Madonna Strip Club Cites First Amendment In Bid To Reopen
Club Madonna, a Miami Beach strip club, is suing the city in federal court in a bid to reverse its shutdown.
Shuttered after authorities alleged it allowed a 13-year-old girl to work the stripper pole, a Miami Beach erotic club is citing the First Amendment in a federal court bid to reopen its doors.
Club Madonna, a strip club at 1527 Washington Ave., is suing the city in a bid to reverse the municipally mandated closure of that venue.
On Friday, the city revoked Club Madonna's certificate of use for six months, noting the state investigation into the alleged sexual exploitation of a child. Specifically, City Manager Jimmy Morales cited news reports where Madonna's owner said he heard the girl, a young runaway, had performed in the club but had no first-hand knowledge of it.
Morales wrote in the revocation order that "the owner's admitted failure to have the required knowledge of what illegal activity occurs at Club Madonna" presents "an actual threat to the public health, welfare and safety of the residents of Miami Beach."
In a federal lawsuit filed Tuesday, Club Madonna claimed yanking its business license was an unwarranted violation of its First Amendment rights, was a capricious and arbitrary action, and was done in retaliation for previous legal squabbles.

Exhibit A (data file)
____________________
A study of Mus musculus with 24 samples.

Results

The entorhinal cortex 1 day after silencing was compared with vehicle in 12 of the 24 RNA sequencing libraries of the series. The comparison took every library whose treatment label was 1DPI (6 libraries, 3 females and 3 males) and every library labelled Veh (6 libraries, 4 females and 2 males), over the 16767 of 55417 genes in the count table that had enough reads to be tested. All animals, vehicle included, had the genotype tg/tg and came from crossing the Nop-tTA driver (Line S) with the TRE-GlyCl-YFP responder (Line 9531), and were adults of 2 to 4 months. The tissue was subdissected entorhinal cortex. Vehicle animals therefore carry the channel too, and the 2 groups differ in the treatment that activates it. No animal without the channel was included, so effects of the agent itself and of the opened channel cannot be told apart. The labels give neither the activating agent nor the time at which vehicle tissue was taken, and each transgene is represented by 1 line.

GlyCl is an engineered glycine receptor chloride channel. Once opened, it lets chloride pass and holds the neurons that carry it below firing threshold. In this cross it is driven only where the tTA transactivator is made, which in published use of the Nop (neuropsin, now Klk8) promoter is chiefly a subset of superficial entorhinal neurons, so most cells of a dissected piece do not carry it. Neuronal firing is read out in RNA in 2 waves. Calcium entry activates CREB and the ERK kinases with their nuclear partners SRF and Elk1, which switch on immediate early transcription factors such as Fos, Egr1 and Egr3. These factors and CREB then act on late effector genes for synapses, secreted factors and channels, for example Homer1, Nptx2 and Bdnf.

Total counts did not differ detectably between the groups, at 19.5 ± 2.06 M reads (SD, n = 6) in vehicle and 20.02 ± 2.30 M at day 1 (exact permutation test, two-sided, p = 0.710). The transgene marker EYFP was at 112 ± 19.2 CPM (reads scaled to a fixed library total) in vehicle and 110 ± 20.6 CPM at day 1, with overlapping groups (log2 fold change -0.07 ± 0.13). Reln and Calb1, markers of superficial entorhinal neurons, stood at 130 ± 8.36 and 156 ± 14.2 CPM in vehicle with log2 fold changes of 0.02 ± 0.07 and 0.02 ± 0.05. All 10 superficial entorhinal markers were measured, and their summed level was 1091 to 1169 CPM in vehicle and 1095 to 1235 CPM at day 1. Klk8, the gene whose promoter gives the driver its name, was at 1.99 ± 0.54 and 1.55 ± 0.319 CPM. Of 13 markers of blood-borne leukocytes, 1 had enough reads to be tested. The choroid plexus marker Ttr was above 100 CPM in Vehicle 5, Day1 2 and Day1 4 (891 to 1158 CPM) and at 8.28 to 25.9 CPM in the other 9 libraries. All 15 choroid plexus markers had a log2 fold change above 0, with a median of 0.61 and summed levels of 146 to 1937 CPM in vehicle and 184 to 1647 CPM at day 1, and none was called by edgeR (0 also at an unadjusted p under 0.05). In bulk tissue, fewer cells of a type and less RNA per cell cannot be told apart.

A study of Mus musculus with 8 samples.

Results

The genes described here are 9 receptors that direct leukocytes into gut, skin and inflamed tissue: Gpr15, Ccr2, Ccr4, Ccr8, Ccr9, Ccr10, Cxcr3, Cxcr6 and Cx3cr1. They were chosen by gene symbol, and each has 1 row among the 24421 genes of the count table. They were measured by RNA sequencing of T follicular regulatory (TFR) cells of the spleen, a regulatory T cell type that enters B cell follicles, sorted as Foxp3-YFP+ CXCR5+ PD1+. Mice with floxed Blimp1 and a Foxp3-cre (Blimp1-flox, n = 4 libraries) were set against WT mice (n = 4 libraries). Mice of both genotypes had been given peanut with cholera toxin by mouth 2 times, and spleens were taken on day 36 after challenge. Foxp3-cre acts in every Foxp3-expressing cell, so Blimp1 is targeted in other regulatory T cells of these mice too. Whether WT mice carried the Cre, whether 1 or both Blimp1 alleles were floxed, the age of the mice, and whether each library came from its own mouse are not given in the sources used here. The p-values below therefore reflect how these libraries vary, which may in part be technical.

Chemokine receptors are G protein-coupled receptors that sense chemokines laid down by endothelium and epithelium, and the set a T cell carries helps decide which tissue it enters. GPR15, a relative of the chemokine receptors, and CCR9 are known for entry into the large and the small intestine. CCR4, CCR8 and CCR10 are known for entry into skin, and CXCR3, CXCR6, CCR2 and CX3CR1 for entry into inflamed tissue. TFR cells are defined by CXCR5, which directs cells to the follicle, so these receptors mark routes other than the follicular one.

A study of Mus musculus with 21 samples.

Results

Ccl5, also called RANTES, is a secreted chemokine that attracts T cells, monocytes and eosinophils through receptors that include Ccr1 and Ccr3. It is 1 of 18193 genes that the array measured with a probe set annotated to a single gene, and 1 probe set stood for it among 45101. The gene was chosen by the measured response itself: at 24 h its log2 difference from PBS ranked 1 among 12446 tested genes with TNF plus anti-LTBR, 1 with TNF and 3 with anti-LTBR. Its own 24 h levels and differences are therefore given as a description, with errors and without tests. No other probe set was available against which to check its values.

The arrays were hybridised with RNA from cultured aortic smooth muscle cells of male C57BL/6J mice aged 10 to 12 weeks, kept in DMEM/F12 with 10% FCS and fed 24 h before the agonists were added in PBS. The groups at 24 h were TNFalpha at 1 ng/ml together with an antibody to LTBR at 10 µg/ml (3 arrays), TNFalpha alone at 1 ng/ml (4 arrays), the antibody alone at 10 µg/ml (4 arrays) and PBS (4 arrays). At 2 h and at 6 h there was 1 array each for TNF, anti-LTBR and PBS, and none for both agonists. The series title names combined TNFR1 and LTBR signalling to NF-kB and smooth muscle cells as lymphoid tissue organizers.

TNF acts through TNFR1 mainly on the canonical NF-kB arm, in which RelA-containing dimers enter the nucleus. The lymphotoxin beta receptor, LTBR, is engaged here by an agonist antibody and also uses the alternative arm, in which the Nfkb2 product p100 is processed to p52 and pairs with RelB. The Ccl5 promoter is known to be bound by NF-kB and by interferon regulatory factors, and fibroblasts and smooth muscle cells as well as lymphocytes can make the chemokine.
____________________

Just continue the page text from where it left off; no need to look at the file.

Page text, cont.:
Club Madonna objected to the characterization of alleged illegal activity as an "actual" threat to the public since the club management said it has taken steps to prevent such an incident from occurring again.
"There were no exigent circumstances or serious danger present which would justify the issuance of the revocation order without pre-deprivation notice and an opportunity to be heard," the lawsuit reads. The complaint was filed by Richard Wolfe of Wolfe Law in Miami. His co-counsel are Daniel Robert Aaronson and James Scott Benjamin of Benjamin & Aaronson in Fort Lauderdale.
The club ownership also questioned the city's authority to close the venue for six months "as opposed to, for argument's sake, six days."
On its First Amendment claims, the club said it "believes that providing this form of expressive communication to the public is a beneficial social activity which enhances individual's ability to assimilate and consider various issues involving sexual candor and the interest in human sexuality that all human beings have to a greater or lesser degree."